In a special meeting of the Oklahoma County Criminal Justice Authority (Jail Trust) on Wednesday, the Trustees voted to authorize CEO Greg Williams to negotiate a contract for $3 million of CARES Act funds. During public comment, the Trust was castigated by some speakers for their actions.
Unlike a typical county project, this resolution would provide for using the design-build method for design and construction. That means that one contractor will be chosen to complete the project from design through to completion.
The resolution was proposed for a vote as an “emergency,” allowing competitive bidding to be waived for this project. In fact, the resolution also included the contractor to be hired for the project.
Harrison, Walker, and Harper, LP is a contracting firm based in Paris, Texas that specializes in, among other things, government contracts.
Sean Cummings, local business owner, addressed the Trust and expressed great frustration that they had chosen an out-of-state company for the work when Oklahoma County is hurting. He pleaded with the Trustees to put off the vote and find a local company to handle this project.
Trustee Francie Ekwerekwu asked Chairperson Everest for an explanation as to why the item was considered and “emergency.” The special meeting was posted on September 25, but the agenda item was not added until several days later.
It was explained by Vice-Chair Jim Couch that the project is up against the federally imposed deadline of December 30 and that not declaring this an emergency vote, more time would be taken up. That time, of course, would be required to solicit competitive bids for the project.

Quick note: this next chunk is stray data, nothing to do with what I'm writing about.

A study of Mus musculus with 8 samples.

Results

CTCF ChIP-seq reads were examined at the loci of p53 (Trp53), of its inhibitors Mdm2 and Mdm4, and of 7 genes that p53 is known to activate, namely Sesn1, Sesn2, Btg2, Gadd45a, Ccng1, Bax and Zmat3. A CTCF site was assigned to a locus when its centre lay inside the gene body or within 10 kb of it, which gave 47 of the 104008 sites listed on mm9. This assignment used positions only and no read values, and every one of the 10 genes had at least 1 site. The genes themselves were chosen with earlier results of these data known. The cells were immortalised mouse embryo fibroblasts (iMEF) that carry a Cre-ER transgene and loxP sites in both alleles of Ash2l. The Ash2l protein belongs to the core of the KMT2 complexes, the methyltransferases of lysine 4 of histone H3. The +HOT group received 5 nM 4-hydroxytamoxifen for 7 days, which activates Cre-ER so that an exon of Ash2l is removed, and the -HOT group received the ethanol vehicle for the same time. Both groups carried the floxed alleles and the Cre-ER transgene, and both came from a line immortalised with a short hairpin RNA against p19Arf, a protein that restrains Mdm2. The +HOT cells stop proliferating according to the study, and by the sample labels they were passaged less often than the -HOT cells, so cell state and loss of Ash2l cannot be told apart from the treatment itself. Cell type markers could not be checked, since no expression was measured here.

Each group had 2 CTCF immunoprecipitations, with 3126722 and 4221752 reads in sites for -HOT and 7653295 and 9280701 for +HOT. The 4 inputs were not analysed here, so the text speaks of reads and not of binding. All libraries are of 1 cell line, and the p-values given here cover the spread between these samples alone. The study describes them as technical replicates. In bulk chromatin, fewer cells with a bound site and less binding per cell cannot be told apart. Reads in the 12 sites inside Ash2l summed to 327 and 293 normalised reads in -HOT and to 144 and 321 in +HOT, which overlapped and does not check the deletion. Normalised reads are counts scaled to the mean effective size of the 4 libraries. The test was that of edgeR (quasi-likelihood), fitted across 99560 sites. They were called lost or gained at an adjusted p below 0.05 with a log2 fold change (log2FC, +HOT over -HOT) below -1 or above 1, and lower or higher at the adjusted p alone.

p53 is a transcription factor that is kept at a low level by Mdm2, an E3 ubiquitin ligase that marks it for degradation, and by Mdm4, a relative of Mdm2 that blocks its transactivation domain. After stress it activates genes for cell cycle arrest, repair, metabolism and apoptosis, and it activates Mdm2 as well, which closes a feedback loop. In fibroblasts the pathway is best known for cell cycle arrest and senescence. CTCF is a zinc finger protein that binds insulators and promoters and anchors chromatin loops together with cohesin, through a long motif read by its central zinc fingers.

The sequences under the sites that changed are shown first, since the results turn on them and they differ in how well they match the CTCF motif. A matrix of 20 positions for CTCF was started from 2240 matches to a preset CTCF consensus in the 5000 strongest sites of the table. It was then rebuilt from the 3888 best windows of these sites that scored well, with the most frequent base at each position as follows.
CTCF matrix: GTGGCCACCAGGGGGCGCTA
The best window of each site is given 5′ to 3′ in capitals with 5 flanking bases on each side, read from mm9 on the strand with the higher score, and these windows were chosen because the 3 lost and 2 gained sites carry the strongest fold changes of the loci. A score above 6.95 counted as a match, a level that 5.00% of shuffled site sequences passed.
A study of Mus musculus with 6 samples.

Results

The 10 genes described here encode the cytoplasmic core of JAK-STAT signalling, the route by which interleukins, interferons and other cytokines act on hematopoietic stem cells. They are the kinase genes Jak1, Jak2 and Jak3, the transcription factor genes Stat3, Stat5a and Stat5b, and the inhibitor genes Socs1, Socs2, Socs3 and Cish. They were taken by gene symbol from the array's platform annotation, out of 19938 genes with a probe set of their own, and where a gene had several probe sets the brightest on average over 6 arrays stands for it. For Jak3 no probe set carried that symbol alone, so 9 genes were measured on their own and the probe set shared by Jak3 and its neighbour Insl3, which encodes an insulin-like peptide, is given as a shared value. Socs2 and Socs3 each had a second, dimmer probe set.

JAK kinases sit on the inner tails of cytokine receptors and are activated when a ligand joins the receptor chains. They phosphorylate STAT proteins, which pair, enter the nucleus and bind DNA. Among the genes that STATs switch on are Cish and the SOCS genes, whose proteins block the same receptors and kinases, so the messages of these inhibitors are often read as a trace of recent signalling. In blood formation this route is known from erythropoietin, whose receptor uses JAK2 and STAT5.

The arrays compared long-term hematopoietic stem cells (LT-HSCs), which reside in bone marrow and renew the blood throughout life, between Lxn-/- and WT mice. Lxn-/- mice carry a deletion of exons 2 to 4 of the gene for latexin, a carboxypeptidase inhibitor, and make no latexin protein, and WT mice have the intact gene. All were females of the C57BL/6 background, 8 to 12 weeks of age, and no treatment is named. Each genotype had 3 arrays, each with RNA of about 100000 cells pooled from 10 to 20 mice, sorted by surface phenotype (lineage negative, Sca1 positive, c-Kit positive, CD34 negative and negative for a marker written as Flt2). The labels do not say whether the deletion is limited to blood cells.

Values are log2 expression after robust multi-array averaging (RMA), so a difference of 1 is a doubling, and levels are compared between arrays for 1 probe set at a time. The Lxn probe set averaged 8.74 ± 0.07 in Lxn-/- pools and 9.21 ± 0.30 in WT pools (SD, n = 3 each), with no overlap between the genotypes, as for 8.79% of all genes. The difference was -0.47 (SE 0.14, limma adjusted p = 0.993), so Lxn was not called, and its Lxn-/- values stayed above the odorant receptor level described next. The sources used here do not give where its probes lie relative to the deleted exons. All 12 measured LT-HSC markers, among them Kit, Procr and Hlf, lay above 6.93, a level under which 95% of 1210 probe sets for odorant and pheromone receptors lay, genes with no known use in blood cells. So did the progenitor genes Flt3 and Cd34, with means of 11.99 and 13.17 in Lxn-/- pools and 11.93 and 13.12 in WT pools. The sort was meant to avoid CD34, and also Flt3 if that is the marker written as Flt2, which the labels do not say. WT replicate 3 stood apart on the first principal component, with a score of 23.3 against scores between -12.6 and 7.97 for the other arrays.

The vote passed with the necessary six votes, with Ekwerekwu voting no, joined by the Sheriff’s designee Danny Honeycutt, who referred to the resolution as “negligent.”
In a surprise move that angered many in the crowd, Everest moved to cancel the Trust’s scheduled meeting of October 5 and carry over that meeting’s agenda items to the meeting scheduled for October 19.
At the last meeting of the Trust, a discussion and vote were held to remove ICE agents from the County Jail. The vote passed 4-2 with one abstention. While many celebrated, the news came that evening that the vote was not valid as five votes are needed to create an affirmative action, according to the Trust indenture.
Another hearing of that item was planned for the October 5 meeting.
Ekwerekwu again asked Everest why. Everest simply stated that the Trust needed to be more efficient in their business dealings. Ekwerekwu asked for clarification and said, “We can be efficient on October 5.”
A vote was called and the meeting was cancelled. The crowd in the gallery did not approve and showed it by being customarily vocal.
As has become the norm, several activists were present at the meeting on Wednesday.
As people who signed up to speak were called, District 3 County Commissioner Kevin Calvey, a member of the Trust, sat with his eyes cast down at his hands. Persons in the crowd, throughout public comment, would occasionally shout Calvey down, demanding that he pay attention. Calvey appeared to give no recognition to the shouts.
Speakers repeatedly implored the Trust to take up the issue of ICE before adjourning. According to previous guidance from the District Attorney’s office, to take up that item while not on the agenda would violate the Open Meetings Act, and so the Trustees made no move to do so.
The Trust meets again on October 19th at 1:00 p.m.